In March 2021, Israelis voted for the fourth time in two years. A fragmented multi-party system, coupled with the surrealism of an indicted Prime Minister running, led to inconclusive election results three times - and now perhaps for a fourth time. This time, more than previously, the vote revolved on one issue: a referendum on the appropriateness of a Prime Minister standing for election amidst a trial for bribery, corruption and breach of trust.
In previous elections, the Israeli electorate was divided roughly along the line of right-wing v. left-wing. Generally speaking, the Israeli right favored a conservative fiscal policy, conservative values and a commitment to keep the territories captured in the defensive 1967 Six-Day War. The Israeli left traditionally favored more government intervention in the markets in protection of weaker segments of society, liberal values, and a preference for a two-state solution to the Israeli-Palestinian conflict. Haredi parties joined alternately right-wing and left-wing coalitions, pushing their own agenda and preferring the leverage afforded by a seat in the coalition over lessened leverage in the opposition. In the past two decades, Haredi parties have usually preferred the more conservative values of the right-wing. The Arab parties, representing 20% of the population (and always under-represented in the Knesset), have never joined a governing coalition, deeming it recognition of Israel's Zionist identity.
Netanyahu's trial has led to a change in the traditional right-left division. Three parties considered right-wing went to the fourth elections vowing to replace Netanyahu (for different reasons, without citing his legal issues). On the other side, one of the Arab parties has abandoned its traditional position on the left and declared its willingness to support a Netanyahu coalition on condition that its own electorate be promised financial benefits and other considerations. The Haredi parties, though clearly preferring a right-wing coalition, have nevertheless hinted at the possibility of abandoning Netanyahu's Likud party if the needs of their voters can be better served by a different coalition.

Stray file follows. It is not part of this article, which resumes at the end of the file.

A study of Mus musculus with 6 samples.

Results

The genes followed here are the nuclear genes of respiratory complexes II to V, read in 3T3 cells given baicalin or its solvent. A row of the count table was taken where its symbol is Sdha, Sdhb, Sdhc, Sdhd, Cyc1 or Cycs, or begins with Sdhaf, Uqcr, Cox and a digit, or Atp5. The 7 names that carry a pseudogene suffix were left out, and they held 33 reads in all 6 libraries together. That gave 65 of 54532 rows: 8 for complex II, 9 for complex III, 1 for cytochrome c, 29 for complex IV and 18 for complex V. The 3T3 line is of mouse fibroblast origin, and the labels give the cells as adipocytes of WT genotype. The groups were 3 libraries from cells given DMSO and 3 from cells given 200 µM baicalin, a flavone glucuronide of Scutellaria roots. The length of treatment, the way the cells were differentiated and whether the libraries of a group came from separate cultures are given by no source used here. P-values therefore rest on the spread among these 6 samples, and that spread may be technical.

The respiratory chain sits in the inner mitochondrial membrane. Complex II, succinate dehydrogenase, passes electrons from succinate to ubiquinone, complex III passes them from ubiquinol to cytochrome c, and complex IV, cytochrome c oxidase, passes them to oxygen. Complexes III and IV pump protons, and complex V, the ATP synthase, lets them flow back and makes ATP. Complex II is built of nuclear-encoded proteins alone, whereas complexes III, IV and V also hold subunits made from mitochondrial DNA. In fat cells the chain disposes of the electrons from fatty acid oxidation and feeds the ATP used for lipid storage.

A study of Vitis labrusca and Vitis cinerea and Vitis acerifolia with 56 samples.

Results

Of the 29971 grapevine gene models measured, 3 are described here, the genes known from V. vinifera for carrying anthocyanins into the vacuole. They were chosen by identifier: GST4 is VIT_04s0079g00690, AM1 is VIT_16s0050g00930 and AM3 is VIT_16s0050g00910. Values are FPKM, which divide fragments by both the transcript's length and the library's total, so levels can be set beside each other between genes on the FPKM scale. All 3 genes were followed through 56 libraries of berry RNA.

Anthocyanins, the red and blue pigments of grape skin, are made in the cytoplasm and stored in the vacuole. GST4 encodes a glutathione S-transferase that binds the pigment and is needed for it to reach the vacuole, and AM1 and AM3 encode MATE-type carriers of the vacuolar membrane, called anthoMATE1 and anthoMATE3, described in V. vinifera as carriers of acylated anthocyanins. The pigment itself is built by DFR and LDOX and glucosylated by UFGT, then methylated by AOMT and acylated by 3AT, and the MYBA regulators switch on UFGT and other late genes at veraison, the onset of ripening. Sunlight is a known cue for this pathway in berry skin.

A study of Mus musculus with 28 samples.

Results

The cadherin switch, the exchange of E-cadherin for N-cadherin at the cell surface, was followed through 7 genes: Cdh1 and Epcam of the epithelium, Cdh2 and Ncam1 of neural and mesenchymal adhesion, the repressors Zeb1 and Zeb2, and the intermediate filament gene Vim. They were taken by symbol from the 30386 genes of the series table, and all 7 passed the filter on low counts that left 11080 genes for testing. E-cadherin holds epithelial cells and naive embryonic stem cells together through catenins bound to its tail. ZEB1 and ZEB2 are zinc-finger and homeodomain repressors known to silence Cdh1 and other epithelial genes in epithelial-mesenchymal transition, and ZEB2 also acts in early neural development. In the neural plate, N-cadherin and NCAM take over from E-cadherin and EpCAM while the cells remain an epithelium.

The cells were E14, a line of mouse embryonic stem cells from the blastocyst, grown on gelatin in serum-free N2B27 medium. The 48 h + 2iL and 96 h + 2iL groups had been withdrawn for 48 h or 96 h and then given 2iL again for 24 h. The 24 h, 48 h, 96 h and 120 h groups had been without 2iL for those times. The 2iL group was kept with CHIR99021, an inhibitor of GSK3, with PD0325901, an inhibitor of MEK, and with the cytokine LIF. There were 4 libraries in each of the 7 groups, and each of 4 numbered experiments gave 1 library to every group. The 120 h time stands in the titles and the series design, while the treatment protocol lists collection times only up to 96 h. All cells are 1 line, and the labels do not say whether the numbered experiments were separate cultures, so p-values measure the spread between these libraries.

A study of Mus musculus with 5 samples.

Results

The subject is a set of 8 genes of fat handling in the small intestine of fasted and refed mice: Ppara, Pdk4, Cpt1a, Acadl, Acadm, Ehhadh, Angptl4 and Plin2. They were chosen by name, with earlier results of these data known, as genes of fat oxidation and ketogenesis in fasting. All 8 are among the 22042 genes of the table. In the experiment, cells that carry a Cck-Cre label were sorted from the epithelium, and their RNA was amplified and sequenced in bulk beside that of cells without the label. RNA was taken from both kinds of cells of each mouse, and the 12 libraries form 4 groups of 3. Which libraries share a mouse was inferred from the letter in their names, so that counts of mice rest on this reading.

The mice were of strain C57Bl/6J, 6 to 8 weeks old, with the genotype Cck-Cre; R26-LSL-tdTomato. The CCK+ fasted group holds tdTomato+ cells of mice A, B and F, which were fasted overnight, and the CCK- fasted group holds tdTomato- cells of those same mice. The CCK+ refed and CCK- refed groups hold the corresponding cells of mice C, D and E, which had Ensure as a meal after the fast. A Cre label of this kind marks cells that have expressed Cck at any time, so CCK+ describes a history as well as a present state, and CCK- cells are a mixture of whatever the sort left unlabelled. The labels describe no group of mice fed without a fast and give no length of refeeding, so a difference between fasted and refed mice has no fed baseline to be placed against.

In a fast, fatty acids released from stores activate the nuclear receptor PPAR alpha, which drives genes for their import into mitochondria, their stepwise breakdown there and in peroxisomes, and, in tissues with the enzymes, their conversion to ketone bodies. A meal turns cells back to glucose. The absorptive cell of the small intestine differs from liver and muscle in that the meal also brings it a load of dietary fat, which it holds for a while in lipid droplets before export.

The March 2021 election results showed that, for various reasons, the Israeli right still enjoys majority support: it has roughly 72 Members of Knesset out of 120, while the left and Arab parties claim 48 members. If the elections were merely about the right v. left, there would already be a strong Netanyahu-led government in place by now. But the divide is about Netanyahu and his leadership while standing trial. On that divide, the Knesset split looks different, with 64 Members aligning with the "anti-Netanyahu" bloc and only 52 aligned with the "pro-Netanyahu" bloc - a majority of Knesset Members representing voters who would like to replace the Prime Minister. Four Knesset members from the Arab party Ra'am are still on the fence; but even if they were to join a Netanyahu coalition, he would still be short four seats from a Knesset majority.
To square this circle, Netanyahu needs to convince one or more of the anti-Bibi parties to break its promise to the voters and switch sides, probably in exchange for considerable influence within his government. Barring that, and if Netanyahu fails to convince nine MKs to join him, the mandate President Reuven Rivlin gave him to form the next government will pass on May 5 to another party. If the anti-Netanyahu bloc can agree on a single leader to lead it, or a rotation among two or more leaders, we will have a new Prime Minister for the first time since 2009.
Forming such an unwieldy coalition is only the first of many challenges: how to lead a government made up of seven or eight parties with very different political agendas, whose only common denominator is the desire to oust Netanyahu. But at least we will have avoided going to elections a fifth time. On that particular issue - avoiding a 5th election - there is near unanimity across all parties.
Ofer Bavly is the Director General of the JUF Israel Office.